Yesterday, I planned to do some shopping, then come home and do a follow-up on my Tuesday's Tip post. All my plans got shot down by...snow.
We've been experiencing an arctic air mass for about four days, with daytime temps in the single digits (this is not counting the wind chill factor which brought it into the negative double-digits). Yesterday, it started to snow at about 11*. I went out to do pick up a battery for my husband's car (this just after getting my car's battery replaced last week...oh, yes, and when we were generously given a car by a friend for our daughter to use this summer, we ended up buying one for that, too!). Most of my Christmas shopping has been done online this year, but Wal-mart was my one-stop choice yesterday for a car battery, picking up prints of my daughter's senior portraits, and a few Christmas gifts for my three young nephews. From there, I needed to drive four miles south on the main street in the city to pick up my son from his school, then swing northwest another two miles to pick up my daughter from her school, with another mile and a half to return home. On a clear dry day with normal traffic and waiting on the kids this trip would have taken 40 minutes, tops.
THREE HOURS LATER we returned, safe and sound with no injuries to ourselves or damage to our vehicle, for which I'm extremely grateful. I knew we were in trouble when I came down the main street hill and saw that traffic in the three lanes on the other side was backed up due to semi's not being able to get up the hill, their drivers attempting to put chains on. After I picked up my son, I had to go up that north hill to get to my daughter, so I took the next best route. We could have made it in my front-wheel drive, except halfway up, three cars in front of me started spinning out. There was no where to go; traffic was backed up behind us. I sat there, praying no one would do anything stupid (like the little sports car in front of me that kept insisting on making attempts up the steep face of the hill, then sliding back dangerously close to me...ugh!). Fifteen minutes later, police officers arrived on the scene, rerouting the traffic backed up behind us and then coaching the half-dozen of us stranded on the hill's face backwards down the hill until we reached the nearest intersection.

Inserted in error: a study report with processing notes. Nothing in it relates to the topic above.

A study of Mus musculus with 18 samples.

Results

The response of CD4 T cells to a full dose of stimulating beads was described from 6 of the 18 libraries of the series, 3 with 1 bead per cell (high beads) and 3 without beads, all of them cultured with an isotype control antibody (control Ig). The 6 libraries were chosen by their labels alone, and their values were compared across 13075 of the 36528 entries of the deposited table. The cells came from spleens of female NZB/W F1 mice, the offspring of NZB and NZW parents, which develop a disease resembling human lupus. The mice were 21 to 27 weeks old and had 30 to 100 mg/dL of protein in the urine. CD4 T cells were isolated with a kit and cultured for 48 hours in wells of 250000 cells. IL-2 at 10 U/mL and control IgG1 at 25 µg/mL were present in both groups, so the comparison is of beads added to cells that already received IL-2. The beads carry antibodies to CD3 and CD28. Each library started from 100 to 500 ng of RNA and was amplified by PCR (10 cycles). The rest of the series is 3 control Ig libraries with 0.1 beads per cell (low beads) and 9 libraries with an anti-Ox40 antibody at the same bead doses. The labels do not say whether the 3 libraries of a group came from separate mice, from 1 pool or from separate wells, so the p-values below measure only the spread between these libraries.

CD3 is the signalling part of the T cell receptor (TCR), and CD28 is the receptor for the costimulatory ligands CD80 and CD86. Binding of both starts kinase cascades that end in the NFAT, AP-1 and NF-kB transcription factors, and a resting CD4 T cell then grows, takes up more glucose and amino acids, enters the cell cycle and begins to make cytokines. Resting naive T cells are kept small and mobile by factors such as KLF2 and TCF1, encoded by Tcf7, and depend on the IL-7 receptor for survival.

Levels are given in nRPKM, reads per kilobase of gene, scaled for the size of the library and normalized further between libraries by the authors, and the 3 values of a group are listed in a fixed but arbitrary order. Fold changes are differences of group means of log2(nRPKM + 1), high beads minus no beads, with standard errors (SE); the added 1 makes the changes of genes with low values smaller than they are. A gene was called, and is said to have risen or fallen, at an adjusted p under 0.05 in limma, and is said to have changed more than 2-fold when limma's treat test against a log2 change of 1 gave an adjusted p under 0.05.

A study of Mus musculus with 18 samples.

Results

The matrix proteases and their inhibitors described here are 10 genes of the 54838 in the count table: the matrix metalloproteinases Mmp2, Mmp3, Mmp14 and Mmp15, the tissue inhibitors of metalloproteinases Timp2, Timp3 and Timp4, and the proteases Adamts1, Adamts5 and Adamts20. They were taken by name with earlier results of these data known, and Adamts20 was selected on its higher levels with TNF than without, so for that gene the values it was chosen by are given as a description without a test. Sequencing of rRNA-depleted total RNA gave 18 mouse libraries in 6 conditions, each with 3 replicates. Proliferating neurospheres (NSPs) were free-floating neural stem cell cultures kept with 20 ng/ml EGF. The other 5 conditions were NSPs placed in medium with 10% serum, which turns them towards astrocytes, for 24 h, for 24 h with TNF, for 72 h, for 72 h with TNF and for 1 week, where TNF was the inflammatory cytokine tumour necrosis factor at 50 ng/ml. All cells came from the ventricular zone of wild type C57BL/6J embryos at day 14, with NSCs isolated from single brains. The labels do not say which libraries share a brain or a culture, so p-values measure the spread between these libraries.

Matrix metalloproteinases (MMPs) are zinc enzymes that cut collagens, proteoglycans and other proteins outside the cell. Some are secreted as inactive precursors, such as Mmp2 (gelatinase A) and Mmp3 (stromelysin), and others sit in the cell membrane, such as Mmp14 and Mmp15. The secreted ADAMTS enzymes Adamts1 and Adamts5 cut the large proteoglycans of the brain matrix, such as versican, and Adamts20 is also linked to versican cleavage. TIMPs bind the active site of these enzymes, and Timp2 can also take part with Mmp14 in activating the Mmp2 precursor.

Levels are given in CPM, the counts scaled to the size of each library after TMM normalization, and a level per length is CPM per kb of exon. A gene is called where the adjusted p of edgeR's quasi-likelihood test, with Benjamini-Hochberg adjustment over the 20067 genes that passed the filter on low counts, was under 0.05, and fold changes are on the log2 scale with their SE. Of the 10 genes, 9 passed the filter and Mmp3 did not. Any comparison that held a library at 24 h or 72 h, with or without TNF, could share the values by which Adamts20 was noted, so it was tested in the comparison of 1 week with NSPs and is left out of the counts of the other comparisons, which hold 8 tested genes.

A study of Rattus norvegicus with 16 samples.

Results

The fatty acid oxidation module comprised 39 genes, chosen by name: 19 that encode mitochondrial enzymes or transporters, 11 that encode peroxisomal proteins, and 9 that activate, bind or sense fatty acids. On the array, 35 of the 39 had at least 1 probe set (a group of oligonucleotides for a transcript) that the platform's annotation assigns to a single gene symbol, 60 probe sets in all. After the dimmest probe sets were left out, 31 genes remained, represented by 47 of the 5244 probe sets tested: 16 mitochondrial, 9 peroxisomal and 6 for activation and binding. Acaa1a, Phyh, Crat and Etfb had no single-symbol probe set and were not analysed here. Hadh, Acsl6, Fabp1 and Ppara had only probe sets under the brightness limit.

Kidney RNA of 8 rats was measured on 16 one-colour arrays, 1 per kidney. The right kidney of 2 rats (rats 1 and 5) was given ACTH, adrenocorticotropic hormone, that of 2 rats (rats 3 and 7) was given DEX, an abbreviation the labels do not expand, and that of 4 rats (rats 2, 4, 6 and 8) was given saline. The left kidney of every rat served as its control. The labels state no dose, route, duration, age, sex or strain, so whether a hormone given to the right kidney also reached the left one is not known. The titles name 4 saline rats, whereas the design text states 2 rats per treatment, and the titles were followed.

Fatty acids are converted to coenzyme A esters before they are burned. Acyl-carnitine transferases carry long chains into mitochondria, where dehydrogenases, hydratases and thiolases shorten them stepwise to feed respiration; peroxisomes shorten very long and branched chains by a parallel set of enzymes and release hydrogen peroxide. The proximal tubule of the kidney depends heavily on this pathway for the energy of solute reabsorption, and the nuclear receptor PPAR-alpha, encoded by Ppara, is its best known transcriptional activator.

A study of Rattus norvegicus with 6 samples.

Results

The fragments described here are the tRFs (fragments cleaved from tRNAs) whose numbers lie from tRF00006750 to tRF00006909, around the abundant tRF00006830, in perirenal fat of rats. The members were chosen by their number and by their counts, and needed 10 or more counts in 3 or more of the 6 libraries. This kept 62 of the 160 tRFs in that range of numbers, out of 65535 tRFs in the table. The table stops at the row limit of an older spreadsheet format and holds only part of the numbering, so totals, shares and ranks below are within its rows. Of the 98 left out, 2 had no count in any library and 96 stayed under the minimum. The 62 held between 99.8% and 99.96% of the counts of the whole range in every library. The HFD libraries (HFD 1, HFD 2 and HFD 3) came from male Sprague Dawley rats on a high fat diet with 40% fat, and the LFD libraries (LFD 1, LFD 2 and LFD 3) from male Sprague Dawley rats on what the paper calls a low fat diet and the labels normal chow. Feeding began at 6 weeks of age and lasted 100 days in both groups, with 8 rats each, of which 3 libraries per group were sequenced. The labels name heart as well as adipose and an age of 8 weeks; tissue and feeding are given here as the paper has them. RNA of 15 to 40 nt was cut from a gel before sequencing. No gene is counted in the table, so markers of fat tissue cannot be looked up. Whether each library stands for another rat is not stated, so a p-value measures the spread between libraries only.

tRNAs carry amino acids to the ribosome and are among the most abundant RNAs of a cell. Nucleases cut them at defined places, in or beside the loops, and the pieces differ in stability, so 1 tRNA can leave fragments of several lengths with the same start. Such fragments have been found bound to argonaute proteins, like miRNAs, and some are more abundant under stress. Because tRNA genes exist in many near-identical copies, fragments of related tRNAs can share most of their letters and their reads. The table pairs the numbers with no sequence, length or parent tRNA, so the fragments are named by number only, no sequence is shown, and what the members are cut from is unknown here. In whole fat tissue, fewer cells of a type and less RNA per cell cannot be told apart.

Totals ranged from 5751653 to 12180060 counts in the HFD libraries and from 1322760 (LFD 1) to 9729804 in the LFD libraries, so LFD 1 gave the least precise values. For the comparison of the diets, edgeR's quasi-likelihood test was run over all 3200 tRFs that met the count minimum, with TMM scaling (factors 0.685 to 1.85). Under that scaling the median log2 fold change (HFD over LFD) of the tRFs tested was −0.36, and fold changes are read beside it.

We backtracked and arrived back at my son's high school 50 minutes after leaving (from what would have been a normal 10-minute round trip) and proceeded to go the route up the main street's hill, hoping traffic had not been closed. It hadn't, but it was still blocked in some lanes. It took us nearly another hour just to get to the bottom of the hill from my son's high school (again, normally a 3-minute drive, with traffic and lights). The hill was a mess, but the center lane was slowly moving. I was worried about the "slowly" part. Those of you who have front wheel drive know that you get a good run up a slippery hill and just drive fast, ignorning the fish-tailing as long as you have front traction. There would be no good run or start up this hill. We just crept along, foot by foot until about half-way up the hill, when the vehicles who weren't going to make it spun off in the side lanes and those of us who could started gunning it and made it to the top! Success! Once we were up on the flat plains at the top of the hill, traffic moved slowly but steadily. I made it to my daughter's boyfriend's house, where she had walked through heavily-falling snow after hearing we were stranded on the first hill. We picked her up and brought her home. I was never so grateful to get there!
My husband was at work and I called him to let him know we arrived safely. He was confident the roads would be cleared by the time he got off at 11 PM (it was 5 PM at this time). I wasn't so sure. The city had officially closed all roads and was on red alert (snow plows going 24/7 until all 967 miles of street have been cleared...right now, they are focusing on two main roads on both the north and south hills, keeping the routes to the hospitals open, and maintaining the freeway). At 8:30, he called again, saying 40% of the work crew had left, and what was my opinion. I told him I thought he'd better come home because it might take a few hours. He had better luck than I did and it only took him about an hour to get home from what normally would have been a half-hour trip (however, most of his route was on the freeway, which crews were doing a valiant effort to keep plowed).
Today, the city is shut down...no flights, no bus service, no schools open, businesses urged to remain closed unless absolutely necessary. One thing I love about Spokane, it's a very neighborly city. Right now, it's 8:30 and our neighbors have already come out and shoveled our front sidewalks. Yesterday, during my harrowing three-hour journey, I witnessed numerous acts of kindness--stalled vehicles being pushed, allowing cars waiting at intersections into the already congested lanes of traffic, people talking calmly and compassionately to each other after getting into fender benders ("are you OK?"). For the next few days, neighbors will help each other dig out cars; shovel and snow-blow snow of walks, driveways, and alleys; rake snow off roofs; check to see if power and water and food supplies are OK; and offer to run errands for each other. There will be verbal thanks and goodies exchanged "for all your help." I can't think of a better way to enter into the Spirit of the Season.